The Tim Burton movie is now a musical, which is at its best when it thinks small and sticks to Daniel Wallace’s novel.
Very early in the new stage musical “Big Fish,” director Susan Stroman delivers a splashy ensemble number, “Be the Hero,” that effectively introduces us to many of the fantastical characters we know from Tim Burton‘s 2003 film version and the original novel by Daniel Wallace.
The difference, however, between seeing them onscreen or reading about these mythic figures is that when they’re forced to sing and dance right off the bat with no introduction, there’s a distinct feeling of the wrong kind of déjà vu. Is that Ariel from “The Little Mermaid”? One of the witches from “Wicked”? The circus ringmaster from “Pippin”? And the giant from “Shrek”? Suddenly, they’re not archetypes anymore but rather the stars of some “Best of Broadway” theme-park show.
Of course, we meet these characters again later in the musical, which opened Sunday at the Neil Simon Theatre, when the son Will Bloom (Bobby Steggert) retells the tall tales of his father, Edward Bloom (Norbert Leo Butz) – the same tall tales that have somehow obfuscated Dad’s real past and prevented the son from knowing him. The problem is, neither Stroman’s staging nor Andrew Lippa’s songs expand upon or deepen our understanding of these stock Broadway figures.
Amidst the showbiz glitz and musical pastiche, Steggert and Butz (seguing seamlessly between the roles played onscreen by Ewan McGregor and Albert Finney) wisely eschew the cartoons around them and do manage to resemble the human characters in Wallace’s novel. (Plus, they really look like father and son.)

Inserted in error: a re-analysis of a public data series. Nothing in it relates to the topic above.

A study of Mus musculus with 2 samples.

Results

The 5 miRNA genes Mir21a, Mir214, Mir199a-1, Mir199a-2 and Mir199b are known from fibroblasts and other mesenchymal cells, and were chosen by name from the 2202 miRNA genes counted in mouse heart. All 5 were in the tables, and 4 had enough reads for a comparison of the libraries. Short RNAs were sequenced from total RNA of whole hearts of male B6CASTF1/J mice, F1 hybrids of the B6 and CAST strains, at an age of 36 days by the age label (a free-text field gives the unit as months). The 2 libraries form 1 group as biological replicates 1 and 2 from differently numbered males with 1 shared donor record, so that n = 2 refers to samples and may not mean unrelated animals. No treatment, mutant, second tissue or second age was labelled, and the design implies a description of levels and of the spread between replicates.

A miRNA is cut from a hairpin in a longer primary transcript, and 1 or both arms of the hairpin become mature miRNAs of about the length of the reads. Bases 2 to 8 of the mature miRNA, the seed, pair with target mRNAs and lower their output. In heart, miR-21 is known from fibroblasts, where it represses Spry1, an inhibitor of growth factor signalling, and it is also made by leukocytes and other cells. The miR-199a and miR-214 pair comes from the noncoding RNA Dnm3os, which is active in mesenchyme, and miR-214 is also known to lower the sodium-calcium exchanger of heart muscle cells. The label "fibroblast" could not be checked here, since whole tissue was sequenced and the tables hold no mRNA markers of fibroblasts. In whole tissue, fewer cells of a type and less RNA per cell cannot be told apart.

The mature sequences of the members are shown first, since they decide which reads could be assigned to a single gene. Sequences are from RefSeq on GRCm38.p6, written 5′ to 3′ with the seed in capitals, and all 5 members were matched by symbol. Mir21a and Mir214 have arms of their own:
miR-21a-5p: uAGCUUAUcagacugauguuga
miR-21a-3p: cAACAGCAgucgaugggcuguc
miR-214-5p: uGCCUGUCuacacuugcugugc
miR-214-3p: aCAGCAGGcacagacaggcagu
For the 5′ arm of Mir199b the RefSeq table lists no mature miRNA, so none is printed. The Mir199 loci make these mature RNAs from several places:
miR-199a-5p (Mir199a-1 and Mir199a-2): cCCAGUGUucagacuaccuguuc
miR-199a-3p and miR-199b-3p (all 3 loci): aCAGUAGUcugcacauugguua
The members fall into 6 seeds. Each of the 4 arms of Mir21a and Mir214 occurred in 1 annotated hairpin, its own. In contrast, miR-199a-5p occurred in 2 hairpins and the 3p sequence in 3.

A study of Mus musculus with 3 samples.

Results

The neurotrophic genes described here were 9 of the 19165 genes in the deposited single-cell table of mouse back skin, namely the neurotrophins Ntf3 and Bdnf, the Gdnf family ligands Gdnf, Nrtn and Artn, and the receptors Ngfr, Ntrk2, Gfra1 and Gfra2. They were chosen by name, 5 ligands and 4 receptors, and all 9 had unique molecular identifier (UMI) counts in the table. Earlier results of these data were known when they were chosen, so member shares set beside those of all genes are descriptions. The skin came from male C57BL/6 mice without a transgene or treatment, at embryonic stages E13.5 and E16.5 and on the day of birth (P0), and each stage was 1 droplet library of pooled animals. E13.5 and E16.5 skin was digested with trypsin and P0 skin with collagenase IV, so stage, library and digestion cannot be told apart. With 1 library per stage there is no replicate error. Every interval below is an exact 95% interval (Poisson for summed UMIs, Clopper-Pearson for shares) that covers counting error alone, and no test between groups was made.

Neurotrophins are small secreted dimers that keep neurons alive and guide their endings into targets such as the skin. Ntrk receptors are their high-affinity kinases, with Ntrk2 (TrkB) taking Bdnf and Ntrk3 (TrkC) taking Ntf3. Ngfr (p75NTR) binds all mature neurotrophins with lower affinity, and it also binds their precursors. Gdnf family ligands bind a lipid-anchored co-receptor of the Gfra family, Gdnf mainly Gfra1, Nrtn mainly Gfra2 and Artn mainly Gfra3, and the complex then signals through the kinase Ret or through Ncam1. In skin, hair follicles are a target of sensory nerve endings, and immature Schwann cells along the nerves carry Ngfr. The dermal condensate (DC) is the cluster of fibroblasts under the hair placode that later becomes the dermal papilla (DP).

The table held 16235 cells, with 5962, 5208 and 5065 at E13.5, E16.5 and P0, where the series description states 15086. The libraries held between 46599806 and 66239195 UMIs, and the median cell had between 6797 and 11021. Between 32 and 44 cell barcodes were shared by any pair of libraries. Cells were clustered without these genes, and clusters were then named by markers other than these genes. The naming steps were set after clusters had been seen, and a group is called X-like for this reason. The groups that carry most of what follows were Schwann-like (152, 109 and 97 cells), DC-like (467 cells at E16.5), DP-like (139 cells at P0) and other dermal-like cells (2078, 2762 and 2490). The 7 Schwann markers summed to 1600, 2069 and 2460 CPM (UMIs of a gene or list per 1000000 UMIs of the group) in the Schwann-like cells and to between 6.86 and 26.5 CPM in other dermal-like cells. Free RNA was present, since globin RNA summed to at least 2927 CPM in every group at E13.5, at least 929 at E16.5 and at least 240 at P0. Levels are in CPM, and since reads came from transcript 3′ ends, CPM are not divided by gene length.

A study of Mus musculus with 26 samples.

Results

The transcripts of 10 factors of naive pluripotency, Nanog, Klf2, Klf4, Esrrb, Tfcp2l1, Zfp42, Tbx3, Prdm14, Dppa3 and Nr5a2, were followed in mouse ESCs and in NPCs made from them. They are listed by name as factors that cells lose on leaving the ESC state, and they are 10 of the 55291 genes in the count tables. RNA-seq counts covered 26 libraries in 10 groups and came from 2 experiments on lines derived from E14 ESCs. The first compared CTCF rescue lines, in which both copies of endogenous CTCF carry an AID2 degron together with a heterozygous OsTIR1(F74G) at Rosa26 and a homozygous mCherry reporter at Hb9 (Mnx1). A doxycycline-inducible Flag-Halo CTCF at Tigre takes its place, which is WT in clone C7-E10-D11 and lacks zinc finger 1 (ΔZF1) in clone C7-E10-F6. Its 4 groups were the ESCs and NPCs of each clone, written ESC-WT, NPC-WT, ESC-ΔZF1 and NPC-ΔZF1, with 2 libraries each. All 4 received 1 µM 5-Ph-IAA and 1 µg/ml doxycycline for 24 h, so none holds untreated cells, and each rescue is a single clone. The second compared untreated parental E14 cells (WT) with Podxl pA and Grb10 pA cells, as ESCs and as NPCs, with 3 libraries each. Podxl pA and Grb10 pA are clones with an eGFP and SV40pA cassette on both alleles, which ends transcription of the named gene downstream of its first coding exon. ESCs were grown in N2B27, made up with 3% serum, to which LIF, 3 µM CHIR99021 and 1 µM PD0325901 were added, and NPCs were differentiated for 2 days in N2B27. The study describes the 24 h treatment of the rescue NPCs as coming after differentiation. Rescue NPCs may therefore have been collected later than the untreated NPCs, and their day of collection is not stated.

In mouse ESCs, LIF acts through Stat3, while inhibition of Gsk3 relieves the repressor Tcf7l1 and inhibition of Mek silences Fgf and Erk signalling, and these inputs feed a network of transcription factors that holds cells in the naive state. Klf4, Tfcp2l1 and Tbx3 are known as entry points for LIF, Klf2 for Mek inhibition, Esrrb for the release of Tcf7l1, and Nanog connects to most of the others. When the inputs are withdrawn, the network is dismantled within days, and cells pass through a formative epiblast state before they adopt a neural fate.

Maybe Steggert and Butz’s sense of understatement rubbed off. Just when the generic bigness of the show appears to have engulfed the two male leads, Lippa surprises us with something quiet and exceedingly tender: a duet between Edward and his wife-to-be, Sandra (Kate Baldwin), whom he’s just met. Unlike all the manic circus acts (clowns, dancing elephants, acrobats, shooting cannons) surrounding it, the song “Time Stops,” does just that – it stops the show. It’s not easy writing a love-at-first-sight song, but Lippa pulls it off with brilliance.
And to prove that “Time Stops” is no fluke, in Act 2 Lippa provides another stunning, quiet song, “I Don’t Need a Roof,” gorgeously sung by Baldwin – only this time it’s not about young love but mature love as she cradles a dying husband in her arms. After the 100 percent pastiche of his “Addams Family” score, these songs represent a big step forward for Lippa.
John August, who wrote the screenplay for the Burton film, makes his Broadway debut with the “Big Fish” book. On both screen and stage, his major departure from the novel is that Will’s getting married and expecting a child. Since Dad is dying, August’s addition gives Will’s desire for the truth (a quest that Wallace keeps in the background) a sense of urgency.
It also turns poor Will into something of a chronic kvetcher, especially in the musical where he gets to sing about his angst. But frankly, what’s so awful about a man who tells his son great stories when most fathers nowadays send their kids off to play videogames alone?
August also makes the mistake of softening Edward. He’s no longer having a major affair with the woman who lives in the house he bought her; they’re just friends. (Yeah, right.) But if Edward isn’t leading a double life, what is Will’s problem, after all?